For parents, choosing the right day care for their children is a grueling, stressful process.

You’re essentially leaving your most precious loved one in the hands of a stranger with the hopes they’re treated well and you can go about your work day without stress.
That’s why Loudoun County’s law that allows only nine children per home day care is so troublesome.

While the state sanctions 12 children as the maximum number of kids in a home, Loudoun is taking a stronger stand.

What’s even more worrisome is that the situation came as a surprise to some Loudoun County supervisors. It wasn’t until a group recently rallied that the issue was discussed by elected officials, meaning there are likely some home day care providers skirting the law and operating unlicensed.

Licensed home day cares are already subject to sporadic inspections by the state Department of Social Services. In fact, home day cares are inspected more often than corporate-owned facilities.

By enforcing the number at nine, providers are going to be forced to pick and choose the children they care for, including those who are provided subsidized funding.

By comparison, home day care is cheaper than placing a child in a corporate-owned facility. For example, one Leesburg-based home day care charges $180 a week, which includes meals, for a 3-year-old child. A corporate-owned facility in Ashburn charges $255 a week for the same services.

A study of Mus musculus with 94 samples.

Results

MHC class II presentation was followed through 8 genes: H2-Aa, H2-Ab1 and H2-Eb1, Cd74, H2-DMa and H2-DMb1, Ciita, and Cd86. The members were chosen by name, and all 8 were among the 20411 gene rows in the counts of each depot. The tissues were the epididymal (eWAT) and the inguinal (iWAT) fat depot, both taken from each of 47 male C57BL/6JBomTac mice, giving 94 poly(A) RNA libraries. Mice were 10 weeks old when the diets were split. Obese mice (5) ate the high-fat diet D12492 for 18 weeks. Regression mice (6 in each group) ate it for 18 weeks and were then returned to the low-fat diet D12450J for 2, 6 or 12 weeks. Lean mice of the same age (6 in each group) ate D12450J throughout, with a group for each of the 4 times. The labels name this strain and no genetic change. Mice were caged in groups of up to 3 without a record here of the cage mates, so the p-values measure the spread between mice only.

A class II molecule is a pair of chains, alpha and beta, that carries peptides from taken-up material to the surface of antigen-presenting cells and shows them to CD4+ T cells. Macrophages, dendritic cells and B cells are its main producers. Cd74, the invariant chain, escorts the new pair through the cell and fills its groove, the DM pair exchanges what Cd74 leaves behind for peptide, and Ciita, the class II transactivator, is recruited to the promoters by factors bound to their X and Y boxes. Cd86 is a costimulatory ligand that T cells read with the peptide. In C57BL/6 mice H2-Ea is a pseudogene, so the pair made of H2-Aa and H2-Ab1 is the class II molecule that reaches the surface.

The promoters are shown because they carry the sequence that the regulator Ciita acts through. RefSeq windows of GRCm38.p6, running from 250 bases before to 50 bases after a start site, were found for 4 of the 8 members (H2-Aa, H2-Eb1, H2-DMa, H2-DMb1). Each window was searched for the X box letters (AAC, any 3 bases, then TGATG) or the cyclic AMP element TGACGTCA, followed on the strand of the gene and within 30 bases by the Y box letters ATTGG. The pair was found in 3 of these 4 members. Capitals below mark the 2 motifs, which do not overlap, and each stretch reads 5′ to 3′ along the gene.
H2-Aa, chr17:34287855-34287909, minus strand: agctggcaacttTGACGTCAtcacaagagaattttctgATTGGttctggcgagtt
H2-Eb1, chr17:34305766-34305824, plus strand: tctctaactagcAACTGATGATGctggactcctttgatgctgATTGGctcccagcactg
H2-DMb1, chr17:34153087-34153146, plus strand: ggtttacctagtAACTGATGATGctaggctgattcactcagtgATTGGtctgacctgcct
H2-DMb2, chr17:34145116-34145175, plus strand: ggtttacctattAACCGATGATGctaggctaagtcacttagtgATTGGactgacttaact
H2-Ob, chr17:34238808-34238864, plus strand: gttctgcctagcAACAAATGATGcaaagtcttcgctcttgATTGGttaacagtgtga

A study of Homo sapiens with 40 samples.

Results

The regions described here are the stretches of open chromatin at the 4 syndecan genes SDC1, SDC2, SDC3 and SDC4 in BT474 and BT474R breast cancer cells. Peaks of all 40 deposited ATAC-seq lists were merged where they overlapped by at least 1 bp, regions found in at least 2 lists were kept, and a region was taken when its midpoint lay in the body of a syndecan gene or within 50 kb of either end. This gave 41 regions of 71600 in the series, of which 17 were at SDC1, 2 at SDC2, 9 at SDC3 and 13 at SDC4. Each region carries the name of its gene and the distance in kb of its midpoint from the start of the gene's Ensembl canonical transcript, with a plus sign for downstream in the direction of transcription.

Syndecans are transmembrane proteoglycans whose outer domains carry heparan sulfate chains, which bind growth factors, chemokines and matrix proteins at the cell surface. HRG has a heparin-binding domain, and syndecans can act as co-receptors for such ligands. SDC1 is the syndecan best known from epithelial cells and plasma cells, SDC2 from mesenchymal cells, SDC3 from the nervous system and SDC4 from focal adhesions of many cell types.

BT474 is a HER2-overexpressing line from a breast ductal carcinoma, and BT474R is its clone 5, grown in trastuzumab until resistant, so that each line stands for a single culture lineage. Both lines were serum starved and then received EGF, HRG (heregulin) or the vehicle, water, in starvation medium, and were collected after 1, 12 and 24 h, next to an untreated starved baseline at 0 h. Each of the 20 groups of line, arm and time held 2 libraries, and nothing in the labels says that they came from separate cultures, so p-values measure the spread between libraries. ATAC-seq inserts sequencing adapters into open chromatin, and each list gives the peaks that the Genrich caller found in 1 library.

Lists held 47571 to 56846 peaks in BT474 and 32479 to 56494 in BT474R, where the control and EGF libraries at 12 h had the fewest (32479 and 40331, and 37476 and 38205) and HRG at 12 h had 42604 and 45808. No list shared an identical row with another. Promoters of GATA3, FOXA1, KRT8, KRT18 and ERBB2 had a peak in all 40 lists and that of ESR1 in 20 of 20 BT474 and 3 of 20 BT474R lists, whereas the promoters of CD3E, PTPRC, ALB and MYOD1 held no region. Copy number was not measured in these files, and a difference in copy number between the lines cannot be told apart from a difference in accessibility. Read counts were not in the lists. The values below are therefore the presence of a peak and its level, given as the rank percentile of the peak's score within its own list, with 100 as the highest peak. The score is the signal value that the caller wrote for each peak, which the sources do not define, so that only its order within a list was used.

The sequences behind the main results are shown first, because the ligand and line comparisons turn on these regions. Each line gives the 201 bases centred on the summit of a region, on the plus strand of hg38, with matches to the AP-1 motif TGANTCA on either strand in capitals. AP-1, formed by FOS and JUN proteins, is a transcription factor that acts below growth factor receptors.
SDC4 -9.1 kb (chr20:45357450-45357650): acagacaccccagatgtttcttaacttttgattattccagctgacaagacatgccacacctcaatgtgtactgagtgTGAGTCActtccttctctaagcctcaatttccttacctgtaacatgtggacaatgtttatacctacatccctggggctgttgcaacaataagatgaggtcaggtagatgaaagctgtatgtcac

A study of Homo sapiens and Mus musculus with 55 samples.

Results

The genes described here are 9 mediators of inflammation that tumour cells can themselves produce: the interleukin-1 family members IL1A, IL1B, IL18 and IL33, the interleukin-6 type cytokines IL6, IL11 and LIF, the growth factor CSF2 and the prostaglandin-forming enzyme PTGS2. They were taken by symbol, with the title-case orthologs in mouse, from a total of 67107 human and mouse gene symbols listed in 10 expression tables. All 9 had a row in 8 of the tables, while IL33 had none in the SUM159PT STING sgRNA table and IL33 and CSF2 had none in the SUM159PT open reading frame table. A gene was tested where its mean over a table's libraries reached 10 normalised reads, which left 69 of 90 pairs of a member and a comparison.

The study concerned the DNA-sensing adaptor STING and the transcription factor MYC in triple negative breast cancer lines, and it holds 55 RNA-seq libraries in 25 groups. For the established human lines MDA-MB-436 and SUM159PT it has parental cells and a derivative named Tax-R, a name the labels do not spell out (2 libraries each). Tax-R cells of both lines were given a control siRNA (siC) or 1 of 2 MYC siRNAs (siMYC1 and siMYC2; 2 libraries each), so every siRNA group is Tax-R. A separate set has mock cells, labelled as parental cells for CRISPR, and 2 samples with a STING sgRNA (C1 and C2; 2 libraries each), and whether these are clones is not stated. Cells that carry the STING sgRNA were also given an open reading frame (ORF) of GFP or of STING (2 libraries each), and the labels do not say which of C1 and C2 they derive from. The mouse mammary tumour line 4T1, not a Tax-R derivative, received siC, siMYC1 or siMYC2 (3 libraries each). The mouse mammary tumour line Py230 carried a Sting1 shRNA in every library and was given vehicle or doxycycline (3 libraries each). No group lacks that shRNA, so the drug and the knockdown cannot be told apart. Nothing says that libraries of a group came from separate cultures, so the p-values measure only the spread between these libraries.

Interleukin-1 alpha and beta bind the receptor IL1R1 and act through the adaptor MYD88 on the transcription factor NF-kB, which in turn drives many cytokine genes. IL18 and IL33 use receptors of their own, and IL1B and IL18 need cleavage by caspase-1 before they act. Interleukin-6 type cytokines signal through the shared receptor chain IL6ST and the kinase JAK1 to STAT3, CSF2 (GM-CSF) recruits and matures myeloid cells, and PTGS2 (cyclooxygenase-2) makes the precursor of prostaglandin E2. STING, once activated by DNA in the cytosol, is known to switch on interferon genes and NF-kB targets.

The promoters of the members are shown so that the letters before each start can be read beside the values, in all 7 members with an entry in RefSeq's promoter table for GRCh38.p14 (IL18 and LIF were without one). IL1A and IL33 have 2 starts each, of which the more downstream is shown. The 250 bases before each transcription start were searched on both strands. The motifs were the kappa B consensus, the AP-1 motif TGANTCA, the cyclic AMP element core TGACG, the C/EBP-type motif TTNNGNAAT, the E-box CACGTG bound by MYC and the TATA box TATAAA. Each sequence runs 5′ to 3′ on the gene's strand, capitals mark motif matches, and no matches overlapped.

That’s not to say many – most, even – corporate-owned day care providers don’t offer excellent services. They do.

But despite being dubbed one of the richest counties in the nation, not every Loudoun resident can afford corporate rates.

This is why tying the hands of home day care providers is a mistake.

And with only approximately 144 home day care operators in Loudoun County, and factoring in the area’s continuing population boom, parents are going to be forced to pay the higher prices – or be left with no options at all.

We urge the Loudoun County Board of Supervisors to take a hard look at its law requiring only nine children per home.

Visit some of the county’s great home day care facilities and feel the sense of pride these business owners take in their work.

Sure, there’s some bad eggs out there. But that’s true for essentially any industry.

You’re more likely to find that these home day care providers love what they do, care about the kids they look after each day and give parents a sense of relief as they go about their busy work days.


More bad eggs out there than your paper was willing to look into. We went looking for daycare, every home day care center seemed to have more than 12 and only owner present. I asked what happens during bathroom breaks, an emergency(owner gets ill) or a kid gets hurt/ill. Seems like these owners don’t think about these plans. Of the 6 home days care providers we visited(that claimed to have openings), we were scared into paying more money vs a very unstable atmosphere for our child.